Kadyrov suggests moving Stalin's remains to Georgia
GROZNY. Nov 21 (Interfax) - Chechen leader Ramzan Kadyrov has suggested burying Vladimir Lenin's body, handing over the remains of Joseph Stalin to Georgia and commemorating Soviet leader Nikita Khrushchev at the federal level.
"I have spoken many times of the need to bury Lenin though personally for me it makes no difference that he is resting there [in the Mausoleum]. When I am asked, I state my opinion," Kadyrov said in an interview with Interfax.
"I don't wish to touch someone's political or human feelings," he said. "I am not speaking of Lenin as a politician, I am speaking of the body or, to be more exact, of what remains of the body of a person who died some 100 years ago. Lenin was placed in the Mausoleum as a statesman, not a party leader. Therefore as the former leader of the USSR he should be committed to earth and a monument erected on his grave which he deserves among other things by giving instructions and consent for repression. And no public organization or political party should try to usurp the right to this decision," Kadyrov said.
"As for Stalin's remains, one should demonstrate goodwill and hand them over to Georgia so that he could be buried in his homeland. Georgia was part of the Soviet Union, which Joseph Stalin led. Therefore it would be logical and fair if Georgia got the chance to bury him and millions of people in Russia could take a deep breath in the knowledge that Stalin's spirit had left Russia," he said.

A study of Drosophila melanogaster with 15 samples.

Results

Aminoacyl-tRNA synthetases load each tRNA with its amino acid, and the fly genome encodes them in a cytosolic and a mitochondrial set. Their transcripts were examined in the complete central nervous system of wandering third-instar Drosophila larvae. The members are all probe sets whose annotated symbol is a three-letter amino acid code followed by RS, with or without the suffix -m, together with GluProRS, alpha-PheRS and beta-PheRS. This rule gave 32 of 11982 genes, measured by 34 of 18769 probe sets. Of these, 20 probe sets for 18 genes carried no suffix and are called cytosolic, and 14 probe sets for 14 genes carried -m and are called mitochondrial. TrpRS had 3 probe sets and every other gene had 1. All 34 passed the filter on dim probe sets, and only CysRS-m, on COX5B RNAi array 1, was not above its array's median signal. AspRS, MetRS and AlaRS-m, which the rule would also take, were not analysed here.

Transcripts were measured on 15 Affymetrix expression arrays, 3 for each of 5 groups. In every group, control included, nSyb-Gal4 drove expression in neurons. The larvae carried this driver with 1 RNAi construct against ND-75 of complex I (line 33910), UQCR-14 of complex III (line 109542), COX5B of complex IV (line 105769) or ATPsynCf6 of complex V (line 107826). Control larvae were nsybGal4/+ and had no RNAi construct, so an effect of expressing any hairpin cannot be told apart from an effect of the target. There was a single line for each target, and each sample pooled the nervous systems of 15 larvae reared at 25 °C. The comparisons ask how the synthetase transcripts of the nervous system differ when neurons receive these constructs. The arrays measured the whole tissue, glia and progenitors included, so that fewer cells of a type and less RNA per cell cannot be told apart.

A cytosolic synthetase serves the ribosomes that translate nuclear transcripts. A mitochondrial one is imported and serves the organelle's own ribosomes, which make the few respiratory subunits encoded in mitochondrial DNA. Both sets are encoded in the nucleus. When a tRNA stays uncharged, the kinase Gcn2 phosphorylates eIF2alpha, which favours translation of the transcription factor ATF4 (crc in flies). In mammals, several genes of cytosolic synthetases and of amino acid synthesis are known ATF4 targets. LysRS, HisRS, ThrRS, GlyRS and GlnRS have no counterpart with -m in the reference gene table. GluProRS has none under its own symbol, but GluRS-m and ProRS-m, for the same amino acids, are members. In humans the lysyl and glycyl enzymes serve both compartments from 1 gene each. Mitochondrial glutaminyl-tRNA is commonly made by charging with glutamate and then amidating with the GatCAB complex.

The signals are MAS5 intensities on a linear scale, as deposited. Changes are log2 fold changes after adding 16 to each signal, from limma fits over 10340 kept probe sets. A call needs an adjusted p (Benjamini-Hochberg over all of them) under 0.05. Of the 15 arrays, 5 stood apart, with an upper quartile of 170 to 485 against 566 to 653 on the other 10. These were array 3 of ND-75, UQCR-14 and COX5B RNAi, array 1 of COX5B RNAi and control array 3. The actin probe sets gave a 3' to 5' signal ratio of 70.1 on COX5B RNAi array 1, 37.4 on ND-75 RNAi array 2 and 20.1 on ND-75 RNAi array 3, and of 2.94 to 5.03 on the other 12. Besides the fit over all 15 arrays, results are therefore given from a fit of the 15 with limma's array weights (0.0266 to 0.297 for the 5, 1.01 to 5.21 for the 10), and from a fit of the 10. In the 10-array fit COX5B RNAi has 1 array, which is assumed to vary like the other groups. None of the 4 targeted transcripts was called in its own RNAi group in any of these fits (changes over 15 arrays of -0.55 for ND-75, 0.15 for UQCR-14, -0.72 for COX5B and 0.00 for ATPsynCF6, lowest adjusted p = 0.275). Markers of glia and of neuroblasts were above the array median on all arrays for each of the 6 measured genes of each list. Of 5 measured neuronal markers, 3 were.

Asked about commemoration of Nikita Khrushchev, Kadyrov said, "Maybe Khrushchev did have some negative pages in his biography. I have not taken special interest in that. Some people also tried to dissuade me from paying tribute to him in Chechnya. I was told that he did not do anything personally for the triumph of justice, that allegedly "other times came", "the world community exerted pressure" and so on. I disagree with that. He made an enormous contribution to the triumph of justice with regard to the Chechens and Ingush."
"As for monuments... Moscow has people to decide whether to erect a monument or not. It is my personal belief that Russia should remember Khrushchev's name and in some form at the federal level decide on a monument or on naming some site of national significance after him," Kadyrov said.